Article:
Two new systems allow runners and motorcycle racers to track their finish times with passive EPC Gen 2 RFID tags
By Claire Swedberg
May 01, 2008SAI Timing and Tracking is offering a racer's bib with a disposable Gen 2 passive RFID tag to track a runner's time during a race. Developed by ChronoTrack, a sports timing and tracking company based in Evansville, In., the system replaces a more expensive and labor-intensive transponder system requiring racers to use battery-powered transponders, then return them after a race to be reused at other races.

Meanwhile, Hardcard Systems and Alien Technology are testing a Gen 2 RFID tag to track racing times for motorcycles.

Designed and developed by ChronoTrack, the new SAI Timing system has been employed at marathons in Las Vegas and Los Angeles with a 99.84 percent read rate, according to SAI Timing's cofounder, David Simms.

Marathon participants typically employ an active transponder that they attach to their ankle, shoe or shoelace to track their times as they complete sections of a race and then cross the finish line. The problem is the cost of the transponders—usually about $35—and the need for runners to return them when the race ends, causing a congestion of participants waiting in line to do so. The former system was also labor-intensive since each printed bib had to be matched to a transponder by marathon employees who input the runner's ID number for each transponder to link them in a database.

SAI's solution produces racer bibs with ChronoTrack D-Tags—adhesive labels with embedded passive EPC Gen 2 RFID tags. To encode and print the D-Tag and bib, SAI uses a Lexmark T640rn monochrome RFID laser printer-encoder (see New Office Laser Printer Encodes Tags), says Rick Kallup, Lexmark's senior industry consultant and RFID business development manager. When runners register for a race, they are assigned an ID number and a corresponding bib printed and encoded with that number. When they pick up their bib on the day of that event, they pull the RFID label from the bib and attach it to their shoe.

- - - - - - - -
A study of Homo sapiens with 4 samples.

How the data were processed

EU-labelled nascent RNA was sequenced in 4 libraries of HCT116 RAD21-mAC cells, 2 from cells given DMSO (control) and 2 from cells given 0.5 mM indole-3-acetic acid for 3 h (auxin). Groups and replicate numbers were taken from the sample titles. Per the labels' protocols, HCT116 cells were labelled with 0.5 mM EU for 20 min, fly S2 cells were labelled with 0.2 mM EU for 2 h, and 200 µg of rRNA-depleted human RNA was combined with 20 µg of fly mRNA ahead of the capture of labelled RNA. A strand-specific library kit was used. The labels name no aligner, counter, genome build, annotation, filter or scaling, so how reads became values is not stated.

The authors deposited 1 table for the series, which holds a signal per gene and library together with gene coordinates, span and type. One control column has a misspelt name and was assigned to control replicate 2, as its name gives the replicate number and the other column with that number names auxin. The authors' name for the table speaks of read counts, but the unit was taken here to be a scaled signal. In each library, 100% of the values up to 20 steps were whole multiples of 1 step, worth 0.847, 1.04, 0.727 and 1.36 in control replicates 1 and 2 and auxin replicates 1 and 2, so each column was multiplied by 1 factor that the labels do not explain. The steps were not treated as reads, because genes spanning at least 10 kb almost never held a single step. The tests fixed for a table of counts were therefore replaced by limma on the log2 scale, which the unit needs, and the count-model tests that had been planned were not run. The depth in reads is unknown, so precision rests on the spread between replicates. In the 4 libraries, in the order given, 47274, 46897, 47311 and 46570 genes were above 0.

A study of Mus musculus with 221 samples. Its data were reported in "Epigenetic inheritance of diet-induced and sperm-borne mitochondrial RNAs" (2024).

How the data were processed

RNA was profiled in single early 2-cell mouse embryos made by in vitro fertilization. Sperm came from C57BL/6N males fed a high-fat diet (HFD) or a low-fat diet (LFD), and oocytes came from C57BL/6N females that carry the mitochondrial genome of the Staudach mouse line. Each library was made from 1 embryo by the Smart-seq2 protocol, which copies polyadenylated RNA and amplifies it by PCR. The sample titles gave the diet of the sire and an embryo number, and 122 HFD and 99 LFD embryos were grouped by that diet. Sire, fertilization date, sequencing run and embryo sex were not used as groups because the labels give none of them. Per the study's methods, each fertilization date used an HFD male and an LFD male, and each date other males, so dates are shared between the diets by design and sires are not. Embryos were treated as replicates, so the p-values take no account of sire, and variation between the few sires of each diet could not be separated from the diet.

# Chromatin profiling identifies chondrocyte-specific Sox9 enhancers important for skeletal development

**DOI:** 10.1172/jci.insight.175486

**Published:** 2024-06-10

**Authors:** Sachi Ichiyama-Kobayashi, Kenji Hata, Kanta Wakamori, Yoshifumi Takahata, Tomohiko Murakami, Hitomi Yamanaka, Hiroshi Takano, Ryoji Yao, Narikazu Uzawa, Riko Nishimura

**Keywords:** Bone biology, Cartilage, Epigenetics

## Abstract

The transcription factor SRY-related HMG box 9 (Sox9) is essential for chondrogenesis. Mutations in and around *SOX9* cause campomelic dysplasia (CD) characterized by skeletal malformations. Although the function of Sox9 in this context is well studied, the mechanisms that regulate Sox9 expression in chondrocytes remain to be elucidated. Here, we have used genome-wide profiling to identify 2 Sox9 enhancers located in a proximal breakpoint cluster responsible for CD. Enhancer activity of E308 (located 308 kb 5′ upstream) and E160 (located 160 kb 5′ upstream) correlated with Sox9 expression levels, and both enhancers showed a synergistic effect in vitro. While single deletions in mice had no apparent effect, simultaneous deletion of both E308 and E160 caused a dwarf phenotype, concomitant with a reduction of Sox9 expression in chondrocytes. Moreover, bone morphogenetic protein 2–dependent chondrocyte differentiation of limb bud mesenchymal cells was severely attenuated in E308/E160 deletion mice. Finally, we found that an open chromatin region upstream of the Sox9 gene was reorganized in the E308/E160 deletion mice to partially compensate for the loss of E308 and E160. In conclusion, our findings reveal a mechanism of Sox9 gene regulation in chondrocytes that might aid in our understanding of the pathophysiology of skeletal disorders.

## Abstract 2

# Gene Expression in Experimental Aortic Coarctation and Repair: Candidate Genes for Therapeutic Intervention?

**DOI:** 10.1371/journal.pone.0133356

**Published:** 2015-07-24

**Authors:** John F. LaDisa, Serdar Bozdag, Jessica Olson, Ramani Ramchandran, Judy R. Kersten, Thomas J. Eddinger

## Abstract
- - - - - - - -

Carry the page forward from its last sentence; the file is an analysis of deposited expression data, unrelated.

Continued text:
The system employs Impinj Speedway RFID readers and antennas installed under checkpoints along the racecourse and at the finish line. In that way, they can capture the tag's unique ID number as the racer passes. Impinj middleware running on the interrogator translates the data, and the reader transmits it to SAI's back-end server via an 802.11 Wi-Fi or GSM connection. SAI then makes that data available by posting the scores online, as well as text-messaging each racer—for them to read either during race (assuming they are carrying a cell phone) or afterward—or to their friends and family as they pass each milestone.

The system was developed in the fall of 2007, and was first used in the Las Vegas marathon in November of that year. Since then, it has been utilized in at least three other races. The system's accuracy has been tested by track-and-field timing company Lynx System Developers, Simms says, and has proven to be just as accurate as the former active transponder system.

EPC Gen 2 passive UHF tags typically have a read range of 30 feet, but SAI Timing's system can pinpoint the exact time a runner reaches a checkpoint or the finish line. Simms declines to specify how the Impinj RFID readers accomplish this, calling it a proprietary technology, but notes that the company has found the tags work best on runners' shoes. Still, Impinj continues to work on other options as well, such as putting tags on the runners' chest. "Our best results have been on the shoes," he states. Simms says he expects between 500,000 and 750,000 runners will have used the system by the end of 2008, with that number jumping to several million in 2009.